As of now, he has completed about 70-something parish visits, Dickson Chilongani, that is, the Anglican Bishop of the Diocese of Central Tanganyika. He has a total of around 260 parishes, each consisting of several congregations, sometimes as many as 7 or 8 different churches. In all he is the singular bishop to well over 1000 congregations, each 100 or 200 or more strong. It’s a lot, and Bishop Dickson is in the midst of doing something that would put any American bishop’s visitation schedule in the shade. He is visiting each one of those 260 parishes during his first year as diocesan bishop out of a desire to make his first connection with the people of the diocese in their part of the world rather than his. It is an endeavor that expresses Ujamaa, the Swahili word for ‘familyhood’ that like the southern African concept, Ubuntu, asserts that a person becomes a person through the people or community. And so, for Bishop Dickson, he is ‘becoming’ his episcopacy through the people of his community of Central Tanganyika.
In my eagerness to join him on this incredible odyssey, I spent the day on the road with the bishop and his family this past Wednesday. Bishop Dickson visits two parishes a day if he can. Each one takes about six hours in all. The roads as you get into the village areas are rough which adds some time, but the largest parcel of time is fellowship. The villagers dance and sing the bishop’s jeep into the village, and the singing and dancing remains part of the celebration throughout. Apart from meeting the people of the diocese, the purpose of the visits is to carry out confirmations. Each service last about three hours with around 50 or so candidates. The bishop preaches for about 40 minutes, all without notes, and half a dozen or so choirs make their presentations through the service. And then there is the presentation of the gifts…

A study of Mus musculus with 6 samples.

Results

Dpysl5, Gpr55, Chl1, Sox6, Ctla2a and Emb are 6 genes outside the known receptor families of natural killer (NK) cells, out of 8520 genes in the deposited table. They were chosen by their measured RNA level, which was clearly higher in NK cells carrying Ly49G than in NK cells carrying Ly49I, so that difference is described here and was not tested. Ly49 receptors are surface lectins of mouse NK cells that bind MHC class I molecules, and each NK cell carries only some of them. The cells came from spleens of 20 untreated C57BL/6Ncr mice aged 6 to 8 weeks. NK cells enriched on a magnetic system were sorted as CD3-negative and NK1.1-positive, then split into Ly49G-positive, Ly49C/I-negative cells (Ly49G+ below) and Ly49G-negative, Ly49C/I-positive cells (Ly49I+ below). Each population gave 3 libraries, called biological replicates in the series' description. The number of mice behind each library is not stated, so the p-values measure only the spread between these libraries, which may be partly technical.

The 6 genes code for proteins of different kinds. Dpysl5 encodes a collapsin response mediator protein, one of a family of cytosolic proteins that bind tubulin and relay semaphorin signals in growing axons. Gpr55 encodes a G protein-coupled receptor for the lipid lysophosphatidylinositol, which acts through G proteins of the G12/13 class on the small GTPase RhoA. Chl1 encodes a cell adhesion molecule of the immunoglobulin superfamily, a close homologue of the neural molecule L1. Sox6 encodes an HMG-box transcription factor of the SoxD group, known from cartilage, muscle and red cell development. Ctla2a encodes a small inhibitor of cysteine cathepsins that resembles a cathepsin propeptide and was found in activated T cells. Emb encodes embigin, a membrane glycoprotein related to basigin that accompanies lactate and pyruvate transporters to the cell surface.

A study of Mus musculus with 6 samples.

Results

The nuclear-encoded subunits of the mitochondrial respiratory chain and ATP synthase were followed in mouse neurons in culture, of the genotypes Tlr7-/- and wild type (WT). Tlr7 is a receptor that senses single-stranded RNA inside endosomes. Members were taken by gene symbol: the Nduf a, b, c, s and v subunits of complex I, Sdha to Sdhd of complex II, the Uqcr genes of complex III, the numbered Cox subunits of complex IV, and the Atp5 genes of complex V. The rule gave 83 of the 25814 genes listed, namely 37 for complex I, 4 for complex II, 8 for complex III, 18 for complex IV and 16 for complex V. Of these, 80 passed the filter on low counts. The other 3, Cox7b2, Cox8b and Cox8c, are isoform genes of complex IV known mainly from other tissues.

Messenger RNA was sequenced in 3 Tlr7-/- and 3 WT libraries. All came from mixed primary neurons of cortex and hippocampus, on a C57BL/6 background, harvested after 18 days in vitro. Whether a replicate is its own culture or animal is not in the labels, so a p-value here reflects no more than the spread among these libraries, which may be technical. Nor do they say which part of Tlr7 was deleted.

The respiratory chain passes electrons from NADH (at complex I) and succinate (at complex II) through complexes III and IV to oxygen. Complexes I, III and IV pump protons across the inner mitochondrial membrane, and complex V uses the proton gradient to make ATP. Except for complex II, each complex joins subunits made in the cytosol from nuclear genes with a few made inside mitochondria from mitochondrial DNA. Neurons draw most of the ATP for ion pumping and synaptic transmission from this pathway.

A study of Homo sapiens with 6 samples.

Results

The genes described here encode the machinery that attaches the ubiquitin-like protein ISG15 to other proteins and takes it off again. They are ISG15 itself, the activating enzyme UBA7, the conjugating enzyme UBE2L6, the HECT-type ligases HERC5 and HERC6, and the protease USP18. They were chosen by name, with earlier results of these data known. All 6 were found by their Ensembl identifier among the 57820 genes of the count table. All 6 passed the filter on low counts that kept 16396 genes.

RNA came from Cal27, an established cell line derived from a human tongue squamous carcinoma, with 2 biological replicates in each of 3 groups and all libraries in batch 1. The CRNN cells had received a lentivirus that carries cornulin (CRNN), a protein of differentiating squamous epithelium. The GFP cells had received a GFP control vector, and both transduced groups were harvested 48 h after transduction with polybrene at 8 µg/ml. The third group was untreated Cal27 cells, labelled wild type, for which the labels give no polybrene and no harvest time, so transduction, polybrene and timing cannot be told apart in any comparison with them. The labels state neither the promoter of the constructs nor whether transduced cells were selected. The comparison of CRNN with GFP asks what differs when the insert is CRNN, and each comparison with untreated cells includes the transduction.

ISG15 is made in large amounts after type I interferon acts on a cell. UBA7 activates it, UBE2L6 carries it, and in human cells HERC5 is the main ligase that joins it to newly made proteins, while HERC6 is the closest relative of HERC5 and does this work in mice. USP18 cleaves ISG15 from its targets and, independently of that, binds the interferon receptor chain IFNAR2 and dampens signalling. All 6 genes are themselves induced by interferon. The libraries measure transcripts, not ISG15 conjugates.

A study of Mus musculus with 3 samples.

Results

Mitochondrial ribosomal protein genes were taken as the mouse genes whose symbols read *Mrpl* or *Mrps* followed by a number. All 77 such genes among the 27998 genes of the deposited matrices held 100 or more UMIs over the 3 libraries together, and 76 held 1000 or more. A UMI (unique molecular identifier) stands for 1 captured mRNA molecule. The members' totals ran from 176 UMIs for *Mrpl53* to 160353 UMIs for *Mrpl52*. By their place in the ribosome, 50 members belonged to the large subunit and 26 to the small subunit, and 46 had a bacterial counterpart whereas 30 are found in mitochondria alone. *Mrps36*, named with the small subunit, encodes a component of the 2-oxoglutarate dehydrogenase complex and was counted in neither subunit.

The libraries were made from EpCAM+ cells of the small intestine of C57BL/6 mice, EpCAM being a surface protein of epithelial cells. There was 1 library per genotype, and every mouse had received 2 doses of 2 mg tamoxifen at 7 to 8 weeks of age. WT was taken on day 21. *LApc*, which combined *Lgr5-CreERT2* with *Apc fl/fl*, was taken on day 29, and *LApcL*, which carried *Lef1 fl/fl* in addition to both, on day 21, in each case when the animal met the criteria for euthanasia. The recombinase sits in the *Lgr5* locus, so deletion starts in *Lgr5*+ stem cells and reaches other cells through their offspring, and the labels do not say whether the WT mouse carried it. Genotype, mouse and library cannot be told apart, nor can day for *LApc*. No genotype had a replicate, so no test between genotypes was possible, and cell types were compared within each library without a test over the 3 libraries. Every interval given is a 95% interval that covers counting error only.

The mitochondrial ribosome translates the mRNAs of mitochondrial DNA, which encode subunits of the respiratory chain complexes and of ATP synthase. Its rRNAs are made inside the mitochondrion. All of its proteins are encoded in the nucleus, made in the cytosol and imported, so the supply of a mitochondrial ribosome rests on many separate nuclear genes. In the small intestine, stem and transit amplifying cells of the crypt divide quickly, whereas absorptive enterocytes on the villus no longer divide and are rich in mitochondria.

Gift-giving, it would seem a lot like the presentation of songs, is an integral way that a village honors guests. Each representative group comes forward to make their offering. On the day I was there, the gifts ranged from shúkà, traditional garment sheets worn wrapped around the body, to a goat, and for me and a couple of others there was a chicken. This is the first chicken that I have been honored with (although when I lived in India I was once offered a share in a cow) and I think as far as chickens go, she was a keeper, at least until dinner the next day when we shared her with the neighbors kids in the form of a curry. She would not have made it past customs anyway.
The day with Bishop Dickson and his lovely family was over 13 hours in all, and by the end I was delightfully tired. I had caught a glimpse of life in Tanzania that dominates so much of the country. People who live subsisting day-to-day offering their gifts with generosity and joy. Here, the Church does not feel anxious about people coming to worship on a Sunday – or in our case, on a Wednesday – here the Church is the village gathering, and it was quite something to look out and see a man preach to a few hundred people huddled into a partially built church structure and reflect on the truth that in this moment the universal Church was also convened, made one body in Christ.
All of this makes me wonder about the state of my own Ujamaa. I can see, with even this short time away from the daily routines and habits of life, how easy it is for me to become bound up in concerns for the future, or entrenched in patterns of being that speak less of ‘familyhood’ and more of that great American dis-ease that says ‘I can make it on my own’. And as for the Church, nobody this past Wednesday made a note of how many people were in attendance and no one counted the offering to record it for the church parochial report. The concern here is not for the existence of the Church but for existence altogether. ‘Drought’ and ‘conflicts over land’ were the two challenges that the report which was presented to the bishop noted. For the people of the village, they know that they could never make it on their own. Ujamaa does not have to be taught, it is inherent. For one whose home context is so very different to theirs, I can only pray that I will be a faithful learner.